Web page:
Villa Rimorelli, which had long been the property of the Pecori Giraldi family who donated it to the Comune di Borgo San Lorenzo (Florence – Tuscany) in 1979, is one of the most interesting buildings in the area.
Probably built on the site of an earlier building belonging to the Giraldi family, one of the most illustrious names in the region, the building became the property of Count Antonio Pecori in 1748, who added his name to that of its previous owners.
The large two-storey villa has a beautiful Renaissance style façade surmounted by a robust battlemented tower, which was substiantally restored in 1902.
The interior decoration of each room was started during the late 19th century and included paintings by Angiolino Romagnoli (1836-1890, a painter from Borgo, cited in Lino Chini’s history of the Mugello.
The involvement of the Chini family in the villa’s decoration can be dated to as early as the mid 19th century (1854). Pietro Alessio, the head of the family, together with his young son Pio, executed some of the interior decoration, while the embellishment of the first floor was undertaken by Leto Chini, whose hand is instantly recognizable in the medieval style paintings in the entrance hall.
Between 1906 and 1911 Galileo Chini was commissioned by General Guglielmo Pecori Giraldi to complete the complex pictorial decoration of the entrance hall. This included the coats of arms and heraldic insignia of noble Florentine families who were historically related to the Pecori Giraldi and of their illustrious family members. The villa and its ornamentation were damaged by the earthquake of the 29th June 1919; subsequent restoration work of the decorative elements was undertaken by Tito Chini with the help of his uncle Pietro.
The large entrance hall, which includes the main doorway, constitutes the heart of the villa and was pivotal to the entire decorative scheme.
The fresco on the east wall of the room, depicting Saint George Slaying the Dragon, is attributable to Galileo.
The architrave of the door on the west wall (which leads to the small room beneath the tower) is surmounted by a majolica panel depicting a light relief of The Crown of Thorns against a blue background. The artefact whose remarkable quality can be seen in its strong colour contrast and confident draughtsmanship, particularly in the execution of the hair, is attributable to Galileo, while its concept dates it to the early 1900s.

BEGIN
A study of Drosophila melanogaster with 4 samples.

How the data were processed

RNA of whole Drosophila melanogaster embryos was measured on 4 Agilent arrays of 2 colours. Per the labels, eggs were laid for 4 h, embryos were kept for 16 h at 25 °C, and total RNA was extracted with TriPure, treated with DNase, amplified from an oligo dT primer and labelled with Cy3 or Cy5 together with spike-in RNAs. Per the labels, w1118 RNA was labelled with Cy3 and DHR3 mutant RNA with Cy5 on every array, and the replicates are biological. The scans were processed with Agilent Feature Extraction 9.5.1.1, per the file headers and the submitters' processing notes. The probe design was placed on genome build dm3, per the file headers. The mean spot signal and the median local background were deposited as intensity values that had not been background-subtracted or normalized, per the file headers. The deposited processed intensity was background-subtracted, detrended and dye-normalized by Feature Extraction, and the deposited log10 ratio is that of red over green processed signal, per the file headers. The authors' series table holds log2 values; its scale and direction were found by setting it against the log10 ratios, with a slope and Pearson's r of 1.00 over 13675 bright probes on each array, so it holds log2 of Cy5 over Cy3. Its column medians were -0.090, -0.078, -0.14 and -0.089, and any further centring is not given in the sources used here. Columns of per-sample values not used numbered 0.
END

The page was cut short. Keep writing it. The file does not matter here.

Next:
The east wall next to the door leading to the large hall with a fireplace, is decorated with the painted coat of arms of Lavinia Morosini, the secondo wife of Marshal Guglielmo Pecori Giraldi whom he married in 1917. The work is inscribed with the date 1921-22 and signed with the double signature of Tito Chini.
The small room beneath the tower is adjacent to another room decorated with floral 19th century painting (possibly attributable to Pietro Alessio), which includes a graceful little fireplace that is entirely covered in majolica tiles from the Fornaci San Lorenzo.
The entrance hall leads to a large room which includes a monumental ceramic fireplace at the far end. Its structure includes a mock Renaissance relief decoration, while the coats of arms of the Pecori and the Giraldi can be seen on the side pilasters. The inside of the chimney piece is lined with ceramic tiles and geometric motifs also from the Fornaci San Lorenzo.
The small room leading to the spiral staircase which gives access to the floor above, is remarkable for the decoration of two walls, comprising a motif in imitation wallpaper with a white and black lozenge motif on the lower half of the walls. The upper half of the wall is painted blue and surmounted by a final painted frieze in trilobite arches.
The splendid curve of the staircase, whose spiral motion is reminiscent of the art nouveau style, fills a room that is decorated with monochrome geometric motifs.
The rooms on the upper floors include numerous decorations by the various members of the Chini family predominantly depicting geometric or stylized foliate motifs.